I cannot describe The Journey Home better than Abbey does himself: this book is a collection of “adversary essays and assays, polemics, visions and hallucinations… published piece by piece in various odd places from Audubon to the Vulgarian Digest” and “fragments of autobiography, journalistic battle debris, nightmares and daydreams, bits and butts of outdoors philosophizing” (from Abbey’s introduction). The subtitle is “Some Words in Defense of the American West.” It works very well in the ways he describes: it is indeed a defense of the American West (although as he puts it another way: “the idea of wilderness needs no defense. It only needs more defenders”). It is a lovely collection of some journalism, some hallucinations and dreamings, and some eloquent essays.
The introduction to The Journey Home is devoted to arguing why he is not a nature writer; he’s just a guy with a lot of experience in and love for nature, writing a memoir that naturally includes a lot of nature. I hope he would forgive me, were he still here, for saying: Abbey, you are a nature writer. Memoirs they may be (and watch out for his novels, too: I loved Fire on the Mountain; was disappointed by Black Sun which apparently he really loved; and am excited to crack open his best-known and arguably movement-starting The Monkey-Wrench Gang) but they are also some of the finest nature writing we’ve seen. His own arguments notwithstanding, Abbey absolutely belongs in the company of Thoreau and Muir. I recognize so much of what I, and modern authors and political thinkers and philosophers I admire, have thought and felt and written, in Abbey’s earlier work. He is important.
He is also so angry! He can be so funny, so flippant and casual (Husband and I both laughed til we cried over “Disorder and Early Sorrow”), but so angry, too. Rightfully so, of course, in detailing strip-mining operations and the destruction of the woods he played in as a kid. He is a contradiction; he reminds me very much of a much-loved friend who will recognize himself in this review. He throws beer cans out the window as he drives:
Rumbling along in my 1962 Dodge D-100, the last good truck Dodge ever made, I tossed my empty out the window and popped the top from another can of Schlitz. Littering the public highway? Of course I litter the public highway. Every chance I get. After all, it’s not the beer cans that are ugly; it’s the highway that is ugly. Beer cans are beautiful, and someday, when recycling becomes a serious enterprise, the government can put one million kids to work each summer picking up the cans I and others have thoughtfully stored along the roadways.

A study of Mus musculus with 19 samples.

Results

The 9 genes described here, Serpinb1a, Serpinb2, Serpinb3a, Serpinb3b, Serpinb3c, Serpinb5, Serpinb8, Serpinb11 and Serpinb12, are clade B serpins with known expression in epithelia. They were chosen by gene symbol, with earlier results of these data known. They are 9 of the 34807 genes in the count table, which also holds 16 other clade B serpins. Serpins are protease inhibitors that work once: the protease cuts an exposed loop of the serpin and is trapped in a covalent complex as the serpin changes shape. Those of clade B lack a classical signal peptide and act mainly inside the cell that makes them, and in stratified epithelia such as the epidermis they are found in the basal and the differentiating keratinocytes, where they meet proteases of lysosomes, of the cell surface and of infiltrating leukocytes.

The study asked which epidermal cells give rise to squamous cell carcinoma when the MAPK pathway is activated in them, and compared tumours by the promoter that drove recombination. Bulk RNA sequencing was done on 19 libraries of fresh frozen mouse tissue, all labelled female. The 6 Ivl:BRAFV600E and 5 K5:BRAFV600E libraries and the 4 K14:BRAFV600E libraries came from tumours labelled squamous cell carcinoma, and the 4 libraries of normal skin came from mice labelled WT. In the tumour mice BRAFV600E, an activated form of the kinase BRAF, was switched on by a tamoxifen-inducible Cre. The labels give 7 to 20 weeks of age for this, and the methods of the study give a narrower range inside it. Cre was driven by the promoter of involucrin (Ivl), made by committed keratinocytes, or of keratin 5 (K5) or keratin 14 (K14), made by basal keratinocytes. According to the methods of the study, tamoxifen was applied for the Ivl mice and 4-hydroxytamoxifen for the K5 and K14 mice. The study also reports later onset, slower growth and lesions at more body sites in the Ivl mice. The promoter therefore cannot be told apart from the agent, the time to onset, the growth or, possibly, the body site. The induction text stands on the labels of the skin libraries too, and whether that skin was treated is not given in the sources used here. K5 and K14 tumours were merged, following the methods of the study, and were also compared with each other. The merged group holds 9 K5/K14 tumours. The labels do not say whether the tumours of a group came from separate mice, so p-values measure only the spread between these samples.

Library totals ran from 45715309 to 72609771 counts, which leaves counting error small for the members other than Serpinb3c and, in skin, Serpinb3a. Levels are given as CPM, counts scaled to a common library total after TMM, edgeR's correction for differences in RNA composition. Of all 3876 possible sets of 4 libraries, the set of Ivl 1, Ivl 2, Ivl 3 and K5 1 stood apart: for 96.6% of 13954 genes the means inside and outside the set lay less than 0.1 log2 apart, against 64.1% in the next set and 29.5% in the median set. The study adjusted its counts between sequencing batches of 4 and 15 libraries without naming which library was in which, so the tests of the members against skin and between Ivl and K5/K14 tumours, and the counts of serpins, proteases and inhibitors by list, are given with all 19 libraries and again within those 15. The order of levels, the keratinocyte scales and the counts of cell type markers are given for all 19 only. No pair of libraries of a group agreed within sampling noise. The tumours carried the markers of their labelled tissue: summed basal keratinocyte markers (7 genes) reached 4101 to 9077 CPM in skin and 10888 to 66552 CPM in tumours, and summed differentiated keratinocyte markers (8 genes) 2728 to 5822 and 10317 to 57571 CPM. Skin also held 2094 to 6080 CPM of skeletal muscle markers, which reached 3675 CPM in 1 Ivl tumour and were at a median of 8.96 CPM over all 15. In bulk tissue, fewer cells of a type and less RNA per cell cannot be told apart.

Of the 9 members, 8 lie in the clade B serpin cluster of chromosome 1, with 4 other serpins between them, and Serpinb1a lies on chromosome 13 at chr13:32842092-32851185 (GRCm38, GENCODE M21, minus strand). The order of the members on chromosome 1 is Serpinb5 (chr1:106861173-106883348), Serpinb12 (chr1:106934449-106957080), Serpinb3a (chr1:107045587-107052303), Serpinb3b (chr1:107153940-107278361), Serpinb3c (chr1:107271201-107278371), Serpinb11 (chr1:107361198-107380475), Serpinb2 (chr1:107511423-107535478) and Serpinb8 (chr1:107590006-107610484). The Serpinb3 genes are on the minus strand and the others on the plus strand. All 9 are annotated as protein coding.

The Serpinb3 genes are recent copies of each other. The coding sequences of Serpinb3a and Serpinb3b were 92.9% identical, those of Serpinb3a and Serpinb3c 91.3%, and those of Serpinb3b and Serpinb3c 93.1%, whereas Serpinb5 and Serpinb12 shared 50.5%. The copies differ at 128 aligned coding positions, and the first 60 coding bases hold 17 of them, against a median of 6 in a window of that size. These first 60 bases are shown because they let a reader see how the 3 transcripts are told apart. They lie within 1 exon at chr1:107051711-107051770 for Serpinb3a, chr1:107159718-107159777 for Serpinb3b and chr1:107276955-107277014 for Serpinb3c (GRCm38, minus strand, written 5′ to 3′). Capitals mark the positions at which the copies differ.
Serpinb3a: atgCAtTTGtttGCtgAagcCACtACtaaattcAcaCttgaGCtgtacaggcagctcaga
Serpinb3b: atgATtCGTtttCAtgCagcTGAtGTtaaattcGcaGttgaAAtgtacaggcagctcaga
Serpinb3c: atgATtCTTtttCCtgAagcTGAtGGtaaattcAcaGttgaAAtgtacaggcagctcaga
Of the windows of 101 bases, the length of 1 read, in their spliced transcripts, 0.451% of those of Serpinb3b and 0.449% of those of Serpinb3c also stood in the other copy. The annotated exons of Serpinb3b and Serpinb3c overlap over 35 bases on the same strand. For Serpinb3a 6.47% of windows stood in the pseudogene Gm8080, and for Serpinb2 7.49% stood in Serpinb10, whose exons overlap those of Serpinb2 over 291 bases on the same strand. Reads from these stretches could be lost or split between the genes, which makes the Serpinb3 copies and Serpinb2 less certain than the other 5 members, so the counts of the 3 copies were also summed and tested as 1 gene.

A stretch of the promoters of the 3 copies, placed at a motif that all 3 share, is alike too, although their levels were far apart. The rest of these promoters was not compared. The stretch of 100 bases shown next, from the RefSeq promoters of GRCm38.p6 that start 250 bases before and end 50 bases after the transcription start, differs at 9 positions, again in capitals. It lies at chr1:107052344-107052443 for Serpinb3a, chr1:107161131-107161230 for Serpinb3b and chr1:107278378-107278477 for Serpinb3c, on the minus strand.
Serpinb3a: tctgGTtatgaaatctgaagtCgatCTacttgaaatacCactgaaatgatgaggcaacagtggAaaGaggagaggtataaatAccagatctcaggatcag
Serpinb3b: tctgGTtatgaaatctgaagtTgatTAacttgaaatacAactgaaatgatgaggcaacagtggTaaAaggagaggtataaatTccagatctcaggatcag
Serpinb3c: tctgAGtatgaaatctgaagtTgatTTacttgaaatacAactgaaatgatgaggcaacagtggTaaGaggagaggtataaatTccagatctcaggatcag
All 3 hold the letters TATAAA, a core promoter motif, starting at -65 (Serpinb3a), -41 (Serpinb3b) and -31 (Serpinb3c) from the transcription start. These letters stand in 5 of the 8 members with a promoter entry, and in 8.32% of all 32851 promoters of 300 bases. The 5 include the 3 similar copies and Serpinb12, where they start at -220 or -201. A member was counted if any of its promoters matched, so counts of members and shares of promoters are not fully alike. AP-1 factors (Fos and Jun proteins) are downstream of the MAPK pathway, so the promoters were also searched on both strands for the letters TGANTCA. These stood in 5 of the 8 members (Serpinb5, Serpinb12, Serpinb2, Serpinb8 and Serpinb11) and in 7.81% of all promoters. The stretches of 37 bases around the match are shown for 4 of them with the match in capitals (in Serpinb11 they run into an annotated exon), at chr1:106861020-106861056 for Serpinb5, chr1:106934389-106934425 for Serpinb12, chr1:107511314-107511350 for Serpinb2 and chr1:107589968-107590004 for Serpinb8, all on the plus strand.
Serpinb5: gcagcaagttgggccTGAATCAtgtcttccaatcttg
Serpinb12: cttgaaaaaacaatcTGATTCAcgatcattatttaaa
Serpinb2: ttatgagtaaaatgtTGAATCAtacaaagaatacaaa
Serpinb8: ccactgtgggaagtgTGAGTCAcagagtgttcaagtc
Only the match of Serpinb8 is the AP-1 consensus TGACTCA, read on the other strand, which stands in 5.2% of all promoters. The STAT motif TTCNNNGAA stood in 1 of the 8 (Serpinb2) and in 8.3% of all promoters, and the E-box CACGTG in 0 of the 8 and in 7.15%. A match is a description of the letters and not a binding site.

(from “The Second Rape of the West,” which deals not with beer cans on highways but strip-mining for coal, among other large-scale littering operations.)
…but is at the same time an ardent defender of wildness and nature, left alone. He advises a leave-no-trace approach to wilderness, packing out trash, dismantling fire rings, because after all, “the search and rescue team may be looking for you.” (That’s the wilderness, as opposed to the public highway.) He’s so incredibly (sadly) relevant today, only dated in some of the little details. He is poignantly hopeful; I regret the ways in which we’ve not lived up to his hopes in the few decades since he wrote. For example, our US Census in 2000 unfortunately showed our national population at 281,421,906 rather than the 250 million at which Abbey predicted we would “level off,” and we are now estimated at not quite 313 million.
Funny, angry, righteous, well-researched, poignant. A priceless glimpse into a fascinating, contradictory personality, and a moment in American time that will never be replicated. I want nothing more, after reading this book, than to go on one of his ill-conceived and poorly-planned backcountry trips with him. He makes me think – he makes me think in ways that we all desperately need to think, even more so today than when he wrote (original pub date 1977). I challenge you to read of his attempt to shake hands with a mountain lion (in “Freedom and Wilderness, Wilderness and Freedom”) and not get goosebumps.
In the end, this is a collection of essays and ramblings by a gifted author who loved our natural world, about small things as well as the big issues, like why we shouldn’t destroy what little of it we have left. I found it incredibly moving (again: I laughed and cried) and beautiful and can’t wait to read more Abbey. I only hope he’s right that
If man in his newfound power and vanity persists in the attempt to remake the planet in his own image, he will succeed only in destroying himself – not the planet. The earth will survive our most ingenious folly.
I’m afraid we’re going to push the point.